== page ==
I came to poetry late in my writing life. More honestly, I avoided it. Successfully. I struggle to remember whatever poetry it is I read in secondary school, but I can remember the opening line of Rebel, the book I read as a form one student without prompting: ‘Dawn came early to Pachanga’.

I do recall recitations in primary school. When family gathered, the children would be prodded into action to perform. We took turns reciting and acting out the rhymes we had learnt in school.

Suitably impressed, the aunts and uncles applauded the ‘rasteishins’ their children had crammed. ‘Fly away Peter, Fly away Paul. Come back Peter, Come back, Paul.’ ‘E ne e le Tshepo/A gama kgomo/Kgomo ya mo raga/Masi a tshologa/Godimo ga moshawa.

Perhaps my introduction to poetry is to blame. I thought I needed to speak in terms of meter, iambic pentameter, to recognize a sonnet, to memorise the different terms associated with poetry.

And then, when I did attempt to write ‘poetry’, being told that what I had written was definitely not a poem added to my angst. I would watch those who were more knowledgeable than I.

I would see people listening attentively, brows furrowed, eyes closed, nodding as if they were being transported to a place that I never seemed to reach. And then after, I would hear words such as that’s ‘really deep’, and I would know that I really was not getting it. Or I would observe the audience snapping their fingers in delight. I wondered what I was missing.

It took a great teacher to cut through my fear by saying ‘just listen and let the words move you. Feel the rhythm of the poem, find the musicality in it.’ I thought, well, I think this is doable. I started to search out poetry. I read it out loud. I began to feel it.


You have to learn how to distill what you mean into the most economic and at the same time the most elegant and accurate language. In poetry you have to see language as both music and content.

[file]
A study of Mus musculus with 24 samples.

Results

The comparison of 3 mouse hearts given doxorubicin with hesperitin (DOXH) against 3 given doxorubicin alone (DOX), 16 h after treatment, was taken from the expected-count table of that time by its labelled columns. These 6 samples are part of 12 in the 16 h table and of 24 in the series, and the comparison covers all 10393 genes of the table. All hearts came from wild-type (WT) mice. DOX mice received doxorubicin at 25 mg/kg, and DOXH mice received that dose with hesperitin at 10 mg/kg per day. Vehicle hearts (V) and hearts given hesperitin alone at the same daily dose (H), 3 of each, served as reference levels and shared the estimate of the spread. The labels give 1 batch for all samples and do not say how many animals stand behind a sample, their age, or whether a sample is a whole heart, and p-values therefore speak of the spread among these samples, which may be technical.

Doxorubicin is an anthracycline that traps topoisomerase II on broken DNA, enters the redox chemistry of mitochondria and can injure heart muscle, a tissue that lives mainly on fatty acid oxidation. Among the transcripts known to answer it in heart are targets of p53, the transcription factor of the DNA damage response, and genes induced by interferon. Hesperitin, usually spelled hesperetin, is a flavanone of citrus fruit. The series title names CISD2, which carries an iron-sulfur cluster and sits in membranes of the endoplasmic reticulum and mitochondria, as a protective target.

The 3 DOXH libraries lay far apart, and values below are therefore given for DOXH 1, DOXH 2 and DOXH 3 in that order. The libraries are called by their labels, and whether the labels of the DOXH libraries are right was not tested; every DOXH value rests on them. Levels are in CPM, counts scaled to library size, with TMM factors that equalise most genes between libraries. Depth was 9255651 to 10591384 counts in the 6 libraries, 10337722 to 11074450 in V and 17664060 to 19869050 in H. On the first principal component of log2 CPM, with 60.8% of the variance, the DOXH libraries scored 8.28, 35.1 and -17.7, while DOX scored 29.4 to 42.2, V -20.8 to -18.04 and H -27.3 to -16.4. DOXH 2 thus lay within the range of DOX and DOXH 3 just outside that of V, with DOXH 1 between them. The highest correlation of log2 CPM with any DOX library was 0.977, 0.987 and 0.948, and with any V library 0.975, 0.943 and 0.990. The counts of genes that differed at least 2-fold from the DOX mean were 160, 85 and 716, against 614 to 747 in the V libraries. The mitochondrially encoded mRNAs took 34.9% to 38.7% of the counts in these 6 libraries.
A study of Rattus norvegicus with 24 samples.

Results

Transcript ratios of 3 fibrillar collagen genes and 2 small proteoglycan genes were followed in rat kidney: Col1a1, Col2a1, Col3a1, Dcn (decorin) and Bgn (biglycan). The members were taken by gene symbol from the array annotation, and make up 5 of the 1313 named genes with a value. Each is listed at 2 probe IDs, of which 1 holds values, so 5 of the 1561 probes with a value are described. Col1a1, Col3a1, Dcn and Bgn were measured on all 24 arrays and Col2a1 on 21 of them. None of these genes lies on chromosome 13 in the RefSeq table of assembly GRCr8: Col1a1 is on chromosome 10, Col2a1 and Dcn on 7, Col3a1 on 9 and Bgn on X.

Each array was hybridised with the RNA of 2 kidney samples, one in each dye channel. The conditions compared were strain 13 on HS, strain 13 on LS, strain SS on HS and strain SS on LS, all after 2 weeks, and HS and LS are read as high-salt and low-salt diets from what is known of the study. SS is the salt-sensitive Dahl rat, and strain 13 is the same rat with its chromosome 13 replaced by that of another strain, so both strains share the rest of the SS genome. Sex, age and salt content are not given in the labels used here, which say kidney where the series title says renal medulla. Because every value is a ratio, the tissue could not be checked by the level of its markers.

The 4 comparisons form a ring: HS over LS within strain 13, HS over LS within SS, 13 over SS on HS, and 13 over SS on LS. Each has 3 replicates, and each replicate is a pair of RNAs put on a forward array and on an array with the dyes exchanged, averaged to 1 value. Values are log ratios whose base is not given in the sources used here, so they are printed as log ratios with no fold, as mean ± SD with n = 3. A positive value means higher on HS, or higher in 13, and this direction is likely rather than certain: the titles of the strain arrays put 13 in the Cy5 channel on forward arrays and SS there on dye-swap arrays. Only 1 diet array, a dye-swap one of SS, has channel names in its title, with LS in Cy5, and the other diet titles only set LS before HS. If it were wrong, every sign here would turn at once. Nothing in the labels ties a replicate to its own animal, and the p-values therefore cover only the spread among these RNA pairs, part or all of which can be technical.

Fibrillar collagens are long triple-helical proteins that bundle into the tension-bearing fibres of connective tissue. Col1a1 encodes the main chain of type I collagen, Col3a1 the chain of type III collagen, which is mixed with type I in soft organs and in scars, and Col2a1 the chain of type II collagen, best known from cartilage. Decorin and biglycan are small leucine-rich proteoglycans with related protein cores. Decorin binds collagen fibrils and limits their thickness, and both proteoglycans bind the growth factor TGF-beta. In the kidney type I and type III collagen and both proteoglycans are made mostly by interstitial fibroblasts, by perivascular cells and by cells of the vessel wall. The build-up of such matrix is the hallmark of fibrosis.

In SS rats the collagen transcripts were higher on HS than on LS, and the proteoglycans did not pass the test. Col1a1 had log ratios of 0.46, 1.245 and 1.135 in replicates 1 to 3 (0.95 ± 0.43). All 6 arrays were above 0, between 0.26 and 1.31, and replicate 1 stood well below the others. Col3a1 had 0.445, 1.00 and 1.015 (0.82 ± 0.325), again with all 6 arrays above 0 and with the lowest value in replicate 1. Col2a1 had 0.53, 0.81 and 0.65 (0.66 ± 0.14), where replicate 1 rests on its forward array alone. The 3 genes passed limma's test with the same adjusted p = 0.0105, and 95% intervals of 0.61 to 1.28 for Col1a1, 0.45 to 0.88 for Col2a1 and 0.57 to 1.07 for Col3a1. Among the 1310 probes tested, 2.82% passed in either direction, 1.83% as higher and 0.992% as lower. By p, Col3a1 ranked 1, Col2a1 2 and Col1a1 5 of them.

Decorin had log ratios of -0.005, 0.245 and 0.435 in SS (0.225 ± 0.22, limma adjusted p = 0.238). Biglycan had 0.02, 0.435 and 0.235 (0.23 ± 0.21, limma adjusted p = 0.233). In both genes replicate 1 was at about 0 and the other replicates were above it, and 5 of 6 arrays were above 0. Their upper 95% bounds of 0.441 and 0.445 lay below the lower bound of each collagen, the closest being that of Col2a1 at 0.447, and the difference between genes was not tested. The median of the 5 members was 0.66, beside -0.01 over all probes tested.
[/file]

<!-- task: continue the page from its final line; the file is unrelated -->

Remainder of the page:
A poet must be the master of simile, metaphor, and form, and of the precise use of vernacular and grammar, implication and innuendo.

The poet has to be able to create symbols that are muted and yet undeniable. The poet, above all other writers, must know how to edit out the extraneous, received, repetitious, and misleading.

A poet will ask herself, “Why did I use that word, and how will that usage affect meaning later in the poem when that same word is used again? A similar word?” The poet seeks perfection in every line and sentence; she demands flawlessness of form.’

I truly believe in poetry now. I think what makes good poetry can be applied to other forms of writing.

Instead of that ten page speech that goes on and on, think about how you could prune it, pare it down so that every word you use counts.

That memo that should be complete on one page. That short story that is not a short story. It is enough that we are told that we do not read.

Let us make people want to read. Who wants to wade through lines and lines of rhetoric when all the reader wants to know is—what’s the point?

Brevity is difficult. It is easier to ramble. This I know for a fact.

Next week I take on the challenge of reviewing a collection of poetry by a Motswana author.